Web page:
KATY MAGAZINE NEWS

June 23, 2023

By Natalie Cook Clark


Bugs that sting may make our skin crawl, but they benefit the Katy community. A Katy family found a beehive in their cable box and reached out for help rather than kill the bees.

Bees from the Katy High School Bee Keeping Club's hives. Photo credit: KISD


The Benefit of Katy Bees

We may run from their sting, but some bugs like bees truly benefit the Katy community and the world. Bees are the most common stinging bug that Katy families encounter. They emerge most frequently from late May through early October putting us in the season to find them. One Katy family has had them living in their Comcast cable box for the last few years.



“My 6-year-old got stung while on the trampoline, and I don’t want to hurt the bees,” says Katy resident Martha Sepulveda. “For safety they need to go.”


Beehive at the Sepulveda home cable box. Photo credit: Martha Sepulveda


The Beehive will be Removed, Not Killed

The Sepulveda family is working with a beekeeper to remove the bees. Bees are beneficial to the community. There are organizations and local beekeepers that can remove bees so they can keep helping the community.


The benefit and love of bees even inspired a Katy ISD club, the Katy High School Bee Keeping Club was founded in 2017. They used to remove beehives for Katy families but has since reached the capacity of their space and are no longer able to help in that way. Instead they educate the community on pollinator awareness and the best practices to preserve native plants.


The Katy High School Bee Keeping Club. Photo credit: KISD


“Bees and other pollinators are critical to the Katy community, providing food security for both local producers and residents,” says Kelly Knight, Katy High School teacher and supporting Beekeepers faculty sponsor.


According to Knight, scientists estimate that about 75% of the world’s flowering plants and about 35% of food crops depend on animal pollinators for production.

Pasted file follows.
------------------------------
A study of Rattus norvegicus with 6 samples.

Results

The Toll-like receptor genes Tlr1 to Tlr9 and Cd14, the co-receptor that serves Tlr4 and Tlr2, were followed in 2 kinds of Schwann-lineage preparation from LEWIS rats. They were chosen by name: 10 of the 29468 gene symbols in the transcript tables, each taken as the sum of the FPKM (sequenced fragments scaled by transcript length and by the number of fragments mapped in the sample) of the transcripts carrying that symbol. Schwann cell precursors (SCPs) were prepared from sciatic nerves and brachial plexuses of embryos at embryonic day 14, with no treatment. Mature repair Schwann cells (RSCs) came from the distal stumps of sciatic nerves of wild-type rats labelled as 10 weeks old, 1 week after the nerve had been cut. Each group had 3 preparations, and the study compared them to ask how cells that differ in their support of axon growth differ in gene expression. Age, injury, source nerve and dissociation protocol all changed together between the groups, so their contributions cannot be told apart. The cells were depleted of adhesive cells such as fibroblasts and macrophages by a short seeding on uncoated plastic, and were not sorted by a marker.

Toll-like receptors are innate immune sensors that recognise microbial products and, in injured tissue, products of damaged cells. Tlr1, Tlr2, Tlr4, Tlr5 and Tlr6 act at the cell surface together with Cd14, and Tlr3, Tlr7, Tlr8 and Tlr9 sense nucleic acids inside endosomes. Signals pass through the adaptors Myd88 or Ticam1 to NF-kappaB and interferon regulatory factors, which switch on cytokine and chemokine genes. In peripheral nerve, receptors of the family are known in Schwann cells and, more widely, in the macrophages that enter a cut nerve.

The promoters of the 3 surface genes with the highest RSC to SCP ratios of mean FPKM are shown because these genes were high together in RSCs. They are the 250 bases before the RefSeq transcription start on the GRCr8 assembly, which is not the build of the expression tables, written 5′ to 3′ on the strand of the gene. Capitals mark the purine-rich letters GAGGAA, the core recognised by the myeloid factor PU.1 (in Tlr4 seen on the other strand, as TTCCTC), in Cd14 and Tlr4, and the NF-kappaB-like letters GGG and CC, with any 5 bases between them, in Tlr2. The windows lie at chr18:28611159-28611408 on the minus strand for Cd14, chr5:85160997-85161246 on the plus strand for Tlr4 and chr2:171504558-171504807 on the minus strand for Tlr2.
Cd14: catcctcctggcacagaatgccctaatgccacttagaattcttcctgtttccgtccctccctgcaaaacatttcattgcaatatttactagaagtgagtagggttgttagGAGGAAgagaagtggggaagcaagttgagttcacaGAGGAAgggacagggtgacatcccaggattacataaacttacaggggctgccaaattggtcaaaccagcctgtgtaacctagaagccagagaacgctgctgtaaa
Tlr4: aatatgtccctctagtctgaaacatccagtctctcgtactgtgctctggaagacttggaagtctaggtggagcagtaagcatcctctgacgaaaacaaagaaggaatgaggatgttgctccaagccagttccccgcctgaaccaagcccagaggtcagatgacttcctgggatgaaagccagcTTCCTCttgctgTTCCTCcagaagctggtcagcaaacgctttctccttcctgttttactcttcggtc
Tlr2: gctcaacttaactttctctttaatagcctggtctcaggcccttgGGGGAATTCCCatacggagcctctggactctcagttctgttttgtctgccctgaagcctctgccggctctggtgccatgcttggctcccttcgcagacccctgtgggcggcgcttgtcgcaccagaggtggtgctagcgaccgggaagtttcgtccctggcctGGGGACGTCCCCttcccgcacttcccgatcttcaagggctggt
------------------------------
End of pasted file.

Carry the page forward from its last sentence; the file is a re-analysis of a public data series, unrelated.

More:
“Without pollinators, we would have to hand pollinate to get our favorite fruits and vegetables,” says Elizabeth Griss, Katy High School teacher and Beekeeper faculty sponsor.

A beehive removed by the KHS Bee Keeping Club. Photo credit: KISD

Like most communities, beehives grow and often outgrow their space. This can result in what we see as swarming when the bees are searching for a place to expand or build a larger home or hive.


“It is not uncommon to see large masses of bees hanging from a tree, or building comb in the attic, utility box, or backyard shed,” says Knight.


While this can create a problem for Katy residents, Knight and Griss both urge residents to not spray bees or their hives, but to rather seek help in their removal. There are a number of trained local beekeepers and companies that can safely remove the hive.


The Sepulveda family is working with a beekeeper who is removing the beehive from their cable box for $150.



“The decline of bees poses a huge threat to our existence on this planet,” says Griss. “Some species of bees have made it to the endangered species list and although honeybees are not yet endangered, their populations are declining at an alarming rate due to pesticides, malnutrition, and chemicals in the environment.”


Katy Bees Are Not Aggressive

Knight stresses to Katy families to not be afraid of local bees. All bees native to the Katy-area: carpenter bees, mason bees and honeybees are not aggressive.


“If left undisturbed, these helpful pollinators are not bothersome; aggressive behaviors typically only occur if they feel that their brood or food source is being threatened,” explains Knight.


A Texas Red Wasp

However, there are some stinging bugs in Katy that can be aggressive. Wasps, especially the red ones, can be aggressive. They are clearly distinguished from bees based on their appearance and they build single occupant nests out of paper or clay. These insects can prey upon beneficial bugs in your yard.


Non-Toxic Ways to Kill Wasps

There are easy non-toxic ways to eliminate wasps that can also protect the insects you want to keep. Instead of toxic poisons, residents can spray wasps with vinegar or dish soap. Residents can also apply a natural repellent to corners and crevices on the exterior of your home such as diluted water with cinnamon, citronella, bay leaves, basil, lemongrass, spearmint, coffee grounds, cloves.


A Connection with Bees

“My dad was a beekeeper before I was born and I’ve always known they were so important,” says Sepulveda. “Since he’s passed, I feel a connection to the bees and don’t want them harmed. I also don’t want my son stung or pay an exorbitant amount either.”


Another Katy family recently reported on social media a swarm of bees in their yard.


“The bees must have moved on, we didn’t use a service,” says Becky Holbrook. “I agree, they are very important to our future.


Learn more about bees and their impact on the Katy community at the Katy High School Bee Keeping Club’s website.